God woke me up in the middle of the night recently. The Apostle Paul’s words, written in his letter to the Corinthians, “for when I am weak, then I am strong” suddenly came to me and I couldn’t stop thinking more about what this means. I had to get up and write things down.
For a little context, I’m in a place of weakness right now, in a place of need. If I’m honest, I don’t like the idea of being weak or needy as it makes me feel vulnerable. It also means I have less control over my immediate circumstances. But, on the positive, it’s bringing me to a place of surrender, a place where I can receive from God and receive from others and die to my own self-sufficiency.
Lately, the more I’ve opened up to others about my current state, the less alone I feel, the more I can see that God is with me, the more I can experience God’s grace, the more I can give myself permission to be broken. And it brings freedom.
This is why there is strength in weakness. In the kingdom of God, weakness rallies support, weakness releases supernatural gifts, weakness summons wisdom, and it bends the ear of God who loves me so much. Weakness puts me in a posture where I can just be in the presence of God and not feel any pressure to be or do anything for God. I can just be with God and enjoy His absolute delight in me.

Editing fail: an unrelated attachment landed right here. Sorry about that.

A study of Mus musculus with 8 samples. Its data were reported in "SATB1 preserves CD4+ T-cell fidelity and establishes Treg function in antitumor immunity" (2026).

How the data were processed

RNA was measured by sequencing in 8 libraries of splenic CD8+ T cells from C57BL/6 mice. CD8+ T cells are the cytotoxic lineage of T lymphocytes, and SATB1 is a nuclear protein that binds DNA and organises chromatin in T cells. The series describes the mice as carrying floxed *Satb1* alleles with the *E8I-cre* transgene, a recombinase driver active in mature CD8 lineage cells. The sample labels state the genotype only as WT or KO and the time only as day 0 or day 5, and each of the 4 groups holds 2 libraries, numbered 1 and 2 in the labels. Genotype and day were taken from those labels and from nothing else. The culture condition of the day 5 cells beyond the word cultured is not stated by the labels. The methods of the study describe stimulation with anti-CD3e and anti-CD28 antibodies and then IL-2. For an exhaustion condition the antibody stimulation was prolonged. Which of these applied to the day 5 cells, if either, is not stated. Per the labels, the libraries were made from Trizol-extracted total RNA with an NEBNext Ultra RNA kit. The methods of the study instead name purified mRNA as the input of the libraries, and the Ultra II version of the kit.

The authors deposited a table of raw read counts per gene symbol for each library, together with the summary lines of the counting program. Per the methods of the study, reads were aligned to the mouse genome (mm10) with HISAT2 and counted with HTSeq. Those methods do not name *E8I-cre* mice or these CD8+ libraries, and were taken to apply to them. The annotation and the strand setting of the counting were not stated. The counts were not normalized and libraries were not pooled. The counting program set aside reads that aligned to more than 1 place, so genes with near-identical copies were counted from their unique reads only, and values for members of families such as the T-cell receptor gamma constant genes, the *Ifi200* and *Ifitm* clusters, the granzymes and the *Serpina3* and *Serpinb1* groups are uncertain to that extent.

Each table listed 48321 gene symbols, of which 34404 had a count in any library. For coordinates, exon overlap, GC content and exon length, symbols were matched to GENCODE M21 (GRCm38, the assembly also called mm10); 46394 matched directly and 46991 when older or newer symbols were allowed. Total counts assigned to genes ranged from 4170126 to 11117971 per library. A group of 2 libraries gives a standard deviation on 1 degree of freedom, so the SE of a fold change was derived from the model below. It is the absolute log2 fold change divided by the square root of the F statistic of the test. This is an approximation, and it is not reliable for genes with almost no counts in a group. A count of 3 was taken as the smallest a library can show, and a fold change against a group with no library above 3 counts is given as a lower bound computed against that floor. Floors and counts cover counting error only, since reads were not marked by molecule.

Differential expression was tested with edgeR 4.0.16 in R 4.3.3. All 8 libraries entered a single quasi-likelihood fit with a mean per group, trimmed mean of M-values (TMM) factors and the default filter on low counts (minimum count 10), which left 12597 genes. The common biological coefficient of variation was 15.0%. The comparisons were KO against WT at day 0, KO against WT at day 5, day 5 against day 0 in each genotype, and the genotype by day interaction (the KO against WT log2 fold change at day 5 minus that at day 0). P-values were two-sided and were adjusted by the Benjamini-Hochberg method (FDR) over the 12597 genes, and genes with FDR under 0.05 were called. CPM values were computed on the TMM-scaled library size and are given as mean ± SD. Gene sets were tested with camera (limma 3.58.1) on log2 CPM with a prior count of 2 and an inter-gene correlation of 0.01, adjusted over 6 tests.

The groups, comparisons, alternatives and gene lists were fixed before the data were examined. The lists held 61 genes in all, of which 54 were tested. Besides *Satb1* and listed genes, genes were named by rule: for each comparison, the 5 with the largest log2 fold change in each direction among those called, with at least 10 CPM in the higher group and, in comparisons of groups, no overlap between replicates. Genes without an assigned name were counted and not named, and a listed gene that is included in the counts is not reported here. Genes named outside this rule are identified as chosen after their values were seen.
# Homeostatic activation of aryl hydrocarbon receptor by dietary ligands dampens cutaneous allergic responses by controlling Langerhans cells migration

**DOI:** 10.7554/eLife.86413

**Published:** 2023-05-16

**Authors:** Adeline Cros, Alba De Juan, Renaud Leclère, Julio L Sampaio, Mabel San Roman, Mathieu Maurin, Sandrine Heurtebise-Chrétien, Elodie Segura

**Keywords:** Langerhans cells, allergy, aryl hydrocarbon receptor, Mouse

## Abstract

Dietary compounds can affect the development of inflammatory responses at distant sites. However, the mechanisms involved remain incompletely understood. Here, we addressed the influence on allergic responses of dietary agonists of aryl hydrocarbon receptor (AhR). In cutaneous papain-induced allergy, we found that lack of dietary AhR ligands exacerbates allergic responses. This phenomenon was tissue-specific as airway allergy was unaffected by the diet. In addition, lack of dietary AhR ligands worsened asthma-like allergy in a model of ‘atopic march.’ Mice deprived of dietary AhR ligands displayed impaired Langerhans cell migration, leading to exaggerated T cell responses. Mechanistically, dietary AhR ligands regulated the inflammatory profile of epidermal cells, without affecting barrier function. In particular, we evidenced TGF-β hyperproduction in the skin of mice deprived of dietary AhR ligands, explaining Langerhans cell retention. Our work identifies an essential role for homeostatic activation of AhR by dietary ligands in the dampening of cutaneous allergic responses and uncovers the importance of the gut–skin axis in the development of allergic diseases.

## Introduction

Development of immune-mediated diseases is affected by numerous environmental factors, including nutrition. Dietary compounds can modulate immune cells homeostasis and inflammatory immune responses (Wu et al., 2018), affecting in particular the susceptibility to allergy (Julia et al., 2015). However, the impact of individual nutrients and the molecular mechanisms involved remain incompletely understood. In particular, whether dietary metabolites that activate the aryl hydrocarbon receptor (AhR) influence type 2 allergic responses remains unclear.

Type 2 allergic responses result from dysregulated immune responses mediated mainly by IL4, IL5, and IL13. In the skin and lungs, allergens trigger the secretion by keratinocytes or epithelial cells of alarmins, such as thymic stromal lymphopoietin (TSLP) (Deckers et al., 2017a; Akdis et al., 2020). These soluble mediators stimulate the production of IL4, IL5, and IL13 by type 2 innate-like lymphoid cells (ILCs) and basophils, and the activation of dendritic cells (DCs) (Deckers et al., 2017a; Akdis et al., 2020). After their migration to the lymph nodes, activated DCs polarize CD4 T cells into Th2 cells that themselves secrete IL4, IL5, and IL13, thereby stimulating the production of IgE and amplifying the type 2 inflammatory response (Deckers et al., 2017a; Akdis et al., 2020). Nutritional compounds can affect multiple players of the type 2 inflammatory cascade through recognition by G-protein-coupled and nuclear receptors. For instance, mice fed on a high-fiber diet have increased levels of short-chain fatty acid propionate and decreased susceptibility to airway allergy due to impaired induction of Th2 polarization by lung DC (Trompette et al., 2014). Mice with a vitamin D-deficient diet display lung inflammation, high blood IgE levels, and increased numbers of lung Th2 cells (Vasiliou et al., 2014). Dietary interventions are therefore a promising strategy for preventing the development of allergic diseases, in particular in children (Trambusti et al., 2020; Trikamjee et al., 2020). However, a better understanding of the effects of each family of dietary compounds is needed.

This abiding with God, this union life is where I exchange my battered and broken self for the resurrected Christ. Resurrection assumes a death and a losing of one’s life. Jesus said this to his disciples and then modeled it. This is why there can be power and strength in weakness. The power source is not within me, its from who lives in and through me. I've known this but I am experiencing it in a fresher way.
Power is perfected in weakness.
This is really the Christmas story! All God’s power to save all of humanity from itself begins in the weakest most vulnerable state of being-that of a newborn baby. I held a nine day-old baby this week. As I held him, I was reminded that there’s nothing more helpless and needy. It’s a great metaphor for how God must look at me. God must laugh (not in a mocking way, but in a you know better way) at my feeble attempts to do life in my own strength. It’s just absurd. This is why Paul writes that if he’s going to boast in anything at all, he will boast in his weaknesses so that the power of the risen Christ might dwell in him. That’s my prayer for myself right now.
When Handel composed the notes of the Hallelujah chorus of the Messiah, tradition holds that he “saw all heaven before him” and upon finishing this great work of art, wrote the letters SDG (Soli Deo Gloria-To God alone the glory). Heaven has indeed opened up before us and does so not to condemn the world, but to save us from ourselves.
May your Christmas be filled with the awe and wonder of Emmanuel-God with us!